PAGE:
The Master

A Novel

Tóibín, Colm

Book - 2004
Average Rating: 4 stars out of 5.
The Master

Publisher: New York : Scribner, 2004
Edition: 1st Scribner ed
ISBN: 0743250400
Branch Call Number: FICTION Toi
Characteristics: 338 p. ; 24 cm


Brilliant and profoundly moving, The Master tells the story of Henry James, a man born into one of America's first intellectual families two decades before the Civil War. James left his country to live in Paris, Rome, Venice, and London among privileged artists and writers. In stunningly resonant... Read More »

Brilliant and profoundly moving, The Master tells the story of Henry James, a man born into one of America's first intellectual families two decades before the Civil War. James left his country to live in Paris, Rome, Venice, and London among privileged artists and writers. In stunningly resonant... Read More »


  • rab1953 rated this: 4.5 stars out of 5.

This is a masterful book about a masterful subject – Henry James and his writing. The book opens with an imagined nighttime awakening from which James thinks about his day and how it might go. In a few paragraphs, he condenses the tone and content that he then fills out and details in the rest of the book.
Though the book is called The Master, the title could almost be ironic. As portrayed by Tóibín, James is uncertain, often uncomprehending, self-doubting and self-deceiving. He misreads his support in London after his first and only play opens and fails on its first night, then flees to Ireland rather than face his friends. He allows a domineering acquaintance to push him into furnishing his home with items he doesn’t really want. He allows his servants to appear drunk and slovenly in front of guests rather than confront them. Most disastrously, he allows his closest friend, a woman, to fall in love with him, but rather than talk about it, he avoids her, leading or contributing to her recent suicide. (Following which, he manages to have himself appointed her literary executor, and secretly burns any compromising correspondence with her.) He has strong homoerotic feelings without even acknowledging them for what they are (understandable in the context of the times, when Oscar Wilde, whom James thinks shallow and clumsy, faces his own disgrace and imprisonment). Far from being a master, this view of James has him as a diffident, ineffectual stumbler.
Yet he observes and interprets what he sees around him as the basis for a lifetime of deeply sensitive, insightful literature. In spite of the frequent misunderstanding of his readers, his family and friends, he stays fixed to his conception of his writing. He thinks about style, themes, content for a variety of stories in the course of the novel (and it’s fascinating to see where well known stories like The Turn of the Screw come from – curious also to find out how much ghosts, both spectral and metaphorical, fit into his life and his writing). He pulls themes from his own complex relationships with his family and friends, and from what he understands, or is willing to admit, about them. Underlying much of the characterization of James is his repression of his homosexuality, which leads to his need to control and hide so much of his life from others and from himself. And yet, while struggling to repress, or at least control, his life, he somehow has enough awareness to use his observations as fodder for his stories. He is, in fact, a master in his writing. It is fitting that the book ends with James explaining to a friend that “the moral … is that life is a mystery and that only sentences are beautiful.” After which, he sends his friends home and returns to his writing.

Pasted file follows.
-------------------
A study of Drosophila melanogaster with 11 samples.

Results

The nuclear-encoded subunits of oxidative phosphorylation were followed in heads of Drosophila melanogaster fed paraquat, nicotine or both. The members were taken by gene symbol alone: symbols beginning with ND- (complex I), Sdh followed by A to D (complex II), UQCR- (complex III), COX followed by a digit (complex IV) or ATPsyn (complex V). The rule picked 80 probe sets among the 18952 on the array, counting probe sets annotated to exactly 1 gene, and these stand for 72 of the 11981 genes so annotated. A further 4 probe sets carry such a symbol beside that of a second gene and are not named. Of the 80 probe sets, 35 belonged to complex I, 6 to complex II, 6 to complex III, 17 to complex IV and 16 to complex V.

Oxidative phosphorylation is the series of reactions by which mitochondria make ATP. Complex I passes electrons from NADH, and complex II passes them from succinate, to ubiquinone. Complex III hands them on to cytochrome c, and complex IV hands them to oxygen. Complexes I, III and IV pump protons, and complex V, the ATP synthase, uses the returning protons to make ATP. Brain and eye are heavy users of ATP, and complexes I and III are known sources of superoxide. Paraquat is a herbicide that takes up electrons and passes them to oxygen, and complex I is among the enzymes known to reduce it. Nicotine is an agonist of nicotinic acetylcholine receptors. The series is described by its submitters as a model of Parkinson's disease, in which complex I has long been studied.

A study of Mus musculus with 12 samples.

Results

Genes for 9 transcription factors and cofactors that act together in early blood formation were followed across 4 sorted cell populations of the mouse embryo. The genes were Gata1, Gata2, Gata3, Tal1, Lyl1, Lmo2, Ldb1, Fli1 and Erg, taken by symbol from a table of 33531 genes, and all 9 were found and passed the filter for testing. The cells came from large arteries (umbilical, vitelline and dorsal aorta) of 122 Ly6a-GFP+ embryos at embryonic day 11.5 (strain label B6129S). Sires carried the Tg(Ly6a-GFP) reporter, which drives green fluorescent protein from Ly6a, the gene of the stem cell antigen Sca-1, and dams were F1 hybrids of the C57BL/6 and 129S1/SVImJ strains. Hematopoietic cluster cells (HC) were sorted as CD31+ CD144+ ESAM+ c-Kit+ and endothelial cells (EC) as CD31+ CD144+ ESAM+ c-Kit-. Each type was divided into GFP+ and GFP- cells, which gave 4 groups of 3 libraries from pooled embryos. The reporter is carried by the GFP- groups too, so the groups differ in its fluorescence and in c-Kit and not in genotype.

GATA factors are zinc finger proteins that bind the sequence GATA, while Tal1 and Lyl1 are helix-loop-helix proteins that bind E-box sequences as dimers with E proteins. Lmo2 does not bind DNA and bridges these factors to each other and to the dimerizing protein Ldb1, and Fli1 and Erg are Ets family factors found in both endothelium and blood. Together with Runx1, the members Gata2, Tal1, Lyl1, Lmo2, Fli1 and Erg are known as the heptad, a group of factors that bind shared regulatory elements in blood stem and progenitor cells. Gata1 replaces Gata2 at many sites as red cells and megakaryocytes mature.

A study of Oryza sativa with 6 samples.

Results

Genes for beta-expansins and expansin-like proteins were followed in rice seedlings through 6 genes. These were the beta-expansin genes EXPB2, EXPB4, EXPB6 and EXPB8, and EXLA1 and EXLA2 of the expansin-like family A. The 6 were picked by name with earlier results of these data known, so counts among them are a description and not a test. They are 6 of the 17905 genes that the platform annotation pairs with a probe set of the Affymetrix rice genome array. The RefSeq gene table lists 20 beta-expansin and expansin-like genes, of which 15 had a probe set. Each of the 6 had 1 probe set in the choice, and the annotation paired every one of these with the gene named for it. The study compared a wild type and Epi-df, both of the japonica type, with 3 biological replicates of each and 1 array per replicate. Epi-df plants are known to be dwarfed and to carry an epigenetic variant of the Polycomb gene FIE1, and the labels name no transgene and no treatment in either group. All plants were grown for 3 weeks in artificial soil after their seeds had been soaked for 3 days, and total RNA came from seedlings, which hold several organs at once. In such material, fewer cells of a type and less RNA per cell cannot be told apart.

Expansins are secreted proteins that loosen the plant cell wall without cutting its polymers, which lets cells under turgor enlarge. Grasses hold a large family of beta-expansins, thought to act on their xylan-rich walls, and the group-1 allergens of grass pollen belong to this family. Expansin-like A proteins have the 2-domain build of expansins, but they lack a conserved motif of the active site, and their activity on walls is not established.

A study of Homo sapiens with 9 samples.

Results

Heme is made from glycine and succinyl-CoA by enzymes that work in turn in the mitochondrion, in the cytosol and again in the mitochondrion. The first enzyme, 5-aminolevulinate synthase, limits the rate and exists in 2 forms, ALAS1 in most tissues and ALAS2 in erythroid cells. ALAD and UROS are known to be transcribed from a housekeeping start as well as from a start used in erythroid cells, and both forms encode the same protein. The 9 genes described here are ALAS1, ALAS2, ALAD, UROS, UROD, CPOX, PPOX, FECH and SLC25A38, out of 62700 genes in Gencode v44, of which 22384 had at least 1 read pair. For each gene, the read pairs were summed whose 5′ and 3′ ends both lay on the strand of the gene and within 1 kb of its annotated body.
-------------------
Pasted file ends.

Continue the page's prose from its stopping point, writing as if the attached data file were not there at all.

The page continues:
Tóibín himself writes with a control and insight that seem equal to James’. As a skilled writer himself, and author of a previous book on James, I can see his fascination with the details of James’ life and writing process. He uses James’s own style, complex and internal, on James himself, a kind of homage to a literary master. He traces the development of James’ thinking, his development of story ideas, his resentment of other people’s misinformed views of his writing and his appreciation of the few who do understand him. In James’ interior monologues, Tóibín traces the shifting relationships and sense of control, just as James would do in his own writing. I wonder how much of this is Tóibín’s imagining of the literary process taken from his own insight as a masterful writer, and how much comes from his research into James’ thinking from James’ letters and other personal writing. I think it must be at least as much the former as the latter, for this is a work of imagination, not simply a knitting together of various stories from James. And, as always in fictions about real people, the stories are about the author’s characters, not the people they are modeled on

Jan 22, 2015
  • WVMLStaffPicks rated this: 4 stars out of 5.

After reading A Line of Beauty by Allan Hollinghurst (the Man Booker Prize-winner for 2004), in which the protagonist, Nick Guest, frequently alludes to his ongoing study of Henry James, it was an added bonus to pick up Toibin’s novel, The Master. It is a fascinating, historical novel of five years in the life of Henry James, one of America’s finest writers. Book groups would have an interesting evening of discussion about these two thoughtful novels, and one of James’s own novels, perhaps Portrait of a Lady, to find insight into the works, the times and the life of Henry James, the master.

Apr 10, 2012
  • macierules rated this: 4 stars out of 5.

I never had much interest in Henry James - until now. This is a gentle, reflective novel written in a 19th century style. Really enjoyed it. On the 1001 books to read before you die list.